The American Scream: Arthur Miller's "All My Sons" at The Purple Rose Theatre


All My Sons

Ryan Black, David Bendena, Caitlin Cavannaugh star in The Purple Rose Theatre Company's production of Arthur Miller's All My Sons.

Written and taking place in 1947, Arthur Miller’s All My Sons is steeped in the emotional fallout of World War II. One might question the relevance of mounting a new production of the show today: What remains to be gleaned from this 70-plus-year-old work? However, Miller’s observations on the nature of generational sin remain as shattering and relevant as ever -- particularly when staged with the intelligence and sensitivity of The Purple Rose Theatre Company’s new production, running through June 1.

All My Sons takes place on the Keller family’s front lawn in Kokomo, Indiana, lovingly recreated with an artificial lawn, antique furniture, and a rope swing hanging from the rafters of The Purple Rose’s intimate space. Kate (Michelle Mountain) has spent three years in denial since her son Larry, a pilot, went missing in action during World War II. Her husband Joe (Richard McWilliams) and son Chris (Ryan Black) have long accepted Larry’s death and grudgingly tolerated Kate’s insistence on his survival. But their tenuous existence is upended by the arrival of Larry’s ex-girlfriend Ann (Caitlin Cavannaugh), whom Chris has secretly planned to marry after carrying on a romantic correspondence with her.

The plot thickens as details arise about Joe’s business partnership with Ann’s father, Steve, who went to prison for knowingly selling defective aircraft to the Air Force. Joe has maintained his innocence in that situation in the intervening years and has gotten off scot-free. But as damning new information comes to light, the fragile assumptions on which all the characters have built their lives threaten to crumble.

The play’s character-driven emotional powder keg requires some powerhouse performers, and The Purple Rose’s production has them in spades. McWilliams beautifully portrays the tightly coiled anxiety and guilt behind Joe’s cheery exterior. It’s fascinating to watch his nonverbal reactions, the muscles of his jaw working silently as he listens to Mountain’s Kate. She is similarly excellent, portraying a character who at first seems tragically deluded but eventually reveals a deeper and darker resolve. As the cast took its bows opening night, there were still tears on Mountain’s cheeks -- and in the eyes of Black, whose performance also achieves unexpected depth by the end.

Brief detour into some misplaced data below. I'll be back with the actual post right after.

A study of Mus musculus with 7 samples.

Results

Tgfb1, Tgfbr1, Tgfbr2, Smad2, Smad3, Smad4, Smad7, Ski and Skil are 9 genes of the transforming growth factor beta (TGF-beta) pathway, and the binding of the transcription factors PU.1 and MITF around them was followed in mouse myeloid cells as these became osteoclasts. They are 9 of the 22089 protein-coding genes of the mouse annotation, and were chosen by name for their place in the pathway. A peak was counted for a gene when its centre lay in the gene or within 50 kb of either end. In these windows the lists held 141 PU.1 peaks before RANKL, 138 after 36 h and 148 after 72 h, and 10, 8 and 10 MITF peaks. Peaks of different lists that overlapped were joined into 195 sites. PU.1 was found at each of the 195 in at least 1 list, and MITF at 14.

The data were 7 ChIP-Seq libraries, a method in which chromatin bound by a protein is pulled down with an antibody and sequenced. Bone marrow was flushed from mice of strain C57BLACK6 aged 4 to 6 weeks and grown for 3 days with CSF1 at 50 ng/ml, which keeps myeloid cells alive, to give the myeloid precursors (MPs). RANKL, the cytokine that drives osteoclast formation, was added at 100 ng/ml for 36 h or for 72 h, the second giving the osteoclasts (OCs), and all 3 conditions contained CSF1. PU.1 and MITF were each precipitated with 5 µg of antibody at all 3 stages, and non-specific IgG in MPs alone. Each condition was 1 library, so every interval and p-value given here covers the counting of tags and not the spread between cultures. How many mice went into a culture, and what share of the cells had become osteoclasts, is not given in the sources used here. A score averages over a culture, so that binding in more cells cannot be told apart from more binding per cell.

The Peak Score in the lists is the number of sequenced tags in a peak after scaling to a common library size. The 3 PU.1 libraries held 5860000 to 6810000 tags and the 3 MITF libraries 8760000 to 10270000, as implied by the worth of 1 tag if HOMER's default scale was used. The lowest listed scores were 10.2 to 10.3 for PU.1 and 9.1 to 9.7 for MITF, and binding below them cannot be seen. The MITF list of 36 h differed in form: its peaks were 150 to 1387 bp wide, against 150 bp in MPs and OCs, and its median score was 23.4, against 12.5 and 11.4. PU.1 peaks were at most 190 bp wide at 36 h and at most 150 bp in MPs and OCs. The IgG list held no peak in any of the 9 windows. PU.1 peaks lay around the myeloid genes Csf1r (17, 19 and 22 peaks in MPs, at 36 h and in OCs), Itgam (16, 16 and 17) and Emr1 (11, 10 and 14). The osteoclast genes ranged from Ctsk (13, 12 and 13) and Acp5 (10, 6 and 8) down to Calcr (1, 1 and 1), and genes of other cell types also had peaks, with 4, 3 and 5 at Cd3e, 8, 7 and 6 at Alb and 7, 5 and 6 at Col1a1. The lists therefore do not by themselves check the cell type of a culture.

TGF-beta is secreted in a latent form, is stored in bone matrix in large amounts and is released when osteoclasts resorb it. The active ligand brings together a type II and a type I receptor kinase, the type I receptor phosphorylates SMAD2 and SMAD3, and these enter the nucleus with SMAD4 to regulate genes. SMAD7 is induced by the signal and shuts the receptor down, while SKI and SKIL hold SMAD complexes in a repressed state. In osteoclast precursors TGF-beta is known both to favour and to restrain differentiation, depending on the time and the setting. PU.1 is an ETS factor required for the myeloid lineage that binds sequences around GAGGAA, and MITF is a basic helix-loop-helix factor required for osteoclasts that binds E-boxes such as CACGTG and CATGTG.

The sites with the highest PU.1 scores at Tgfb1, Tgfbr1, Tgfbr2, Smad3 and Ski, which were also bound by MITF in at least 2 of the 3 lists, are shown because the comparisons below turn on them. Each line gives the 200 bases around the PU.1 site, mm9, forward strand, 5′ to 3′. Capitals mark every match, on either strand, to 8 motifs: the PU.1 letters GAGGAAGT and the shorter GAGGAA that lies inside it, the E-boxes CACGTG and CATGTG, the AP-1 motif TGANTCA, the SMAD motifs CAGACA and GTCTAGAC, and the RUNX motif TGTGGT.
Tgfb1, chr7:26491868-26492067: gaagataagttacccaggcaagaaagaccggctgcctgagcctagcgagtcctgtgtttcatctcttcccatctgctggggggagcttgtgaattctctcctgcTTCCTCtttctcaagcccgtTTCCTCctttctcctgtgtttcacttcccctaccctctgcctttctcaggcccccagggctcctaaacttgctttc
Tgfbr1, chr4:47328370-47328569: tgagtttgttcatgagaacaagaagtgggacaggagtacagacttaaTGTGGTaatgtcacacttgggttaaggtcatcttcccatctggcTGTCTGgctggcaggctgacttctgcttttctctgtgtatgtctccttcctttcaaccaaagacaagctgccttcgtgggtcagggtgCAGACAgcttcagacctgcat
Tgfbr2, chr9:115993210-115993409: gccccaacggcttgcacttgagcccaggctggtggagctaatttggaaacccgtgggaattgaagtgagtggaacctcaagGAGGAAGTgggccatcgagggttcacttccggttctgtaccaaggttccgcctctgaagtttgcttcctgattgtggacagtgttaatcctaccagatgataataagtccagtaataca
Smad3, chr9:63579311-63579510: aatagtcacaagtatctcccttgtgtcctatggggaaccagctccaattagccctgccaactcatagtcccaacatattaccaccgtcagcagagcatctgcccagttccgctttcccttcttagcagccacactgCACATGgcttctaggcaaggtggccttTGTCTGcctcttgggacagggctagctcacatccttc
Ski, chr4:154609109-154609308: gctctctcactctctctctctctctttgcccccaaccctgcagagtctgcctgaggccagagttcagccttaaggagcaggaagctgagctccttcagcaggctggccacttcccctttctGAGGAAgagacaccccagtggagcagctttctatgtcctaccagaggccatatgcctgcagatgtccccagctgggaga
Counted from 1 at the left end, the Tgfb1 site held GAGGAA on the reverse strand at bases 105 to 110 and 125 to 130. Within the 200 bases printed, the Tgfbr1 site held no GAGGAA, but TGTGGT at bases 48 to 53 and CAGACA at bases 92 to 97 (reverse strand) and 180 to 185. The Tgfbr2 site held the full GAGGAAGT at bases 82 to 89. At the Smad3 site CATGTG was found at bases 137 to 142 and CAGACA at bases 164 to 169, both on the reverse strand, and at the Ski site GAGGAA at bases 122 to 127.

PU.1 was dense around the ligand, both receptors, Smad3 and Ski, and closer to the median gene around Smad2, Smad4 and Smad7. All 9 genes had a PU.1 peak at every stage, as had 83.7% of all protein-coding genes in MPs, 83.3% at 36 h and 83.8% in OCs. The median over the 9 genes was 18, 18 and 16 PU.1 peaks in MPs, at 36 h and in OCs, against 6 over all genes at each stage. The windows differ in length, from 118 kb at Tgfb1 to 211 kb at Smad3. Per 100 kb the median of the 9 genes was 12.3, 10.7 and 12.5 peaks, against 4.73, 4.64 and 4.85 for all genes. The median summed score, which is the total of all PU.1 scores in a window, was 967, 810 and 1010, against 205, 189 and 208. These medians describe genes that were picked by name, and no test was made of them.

All My Sons

Richard McWilliams and Michelle Mountain in The Purple Rose Theatre Company's production of Arthur Miller's All My Sons.

Director (and Purple Rose artistic director) Guy Sanville makes innovative and effective choices in staging the play. The most attention-grabbing is a wordless, impressionistic opening scene that engages all the cast in a sort of live sound painting representing the open wound of Larry’s death. It leaves an inexorable impression of the raw emotion underlying the family’s seemingly pleasant existence and adds a very distinctive twist to an oft-performed classic. Sanville also makes excellent use of the small set, blocking his actors in a lively way that clearly emphasizes the characters’ shifting interpersonal dynamics. He and his cast have also drawn out the ample wit in Miller’s writing. There are numerous laughs in the first act, though they don’t undercut the overall emotional impact.

A few of Sanville’s touches skew toward the melodramatic. Characters crumple dramatically to the ground multiple times, and a couple of musical cues seemingly seek to make a more obvious point than the already impactful material calls for.

Overall, though, The Purple Rose’s production is deeply affecting and thought-provoking. Watching it, I was reminded of another recent work that on the surface seems like it couldn’t be more different from All My Sons: Jordan Peele’s film Us. But just as Us reckons with the violence we commit to reach a certain station in life, so did Miller reckon with the villainous choices made, the lies told, to pursue the American dream. Though his play is set in the context of forging an uncertain path ahead from one of America’s greatest historical conflicts, it remains relevant to a different age and a different set of sins.

Patrick Dunn is the managing editor of Concentrate and an Ann Arbor-based freelance writer.

"All My Sons" is at The Purple Rose Theatre, 137 Park St., Chelsea, through June 1. Visit for tickets, showtimes, and more info.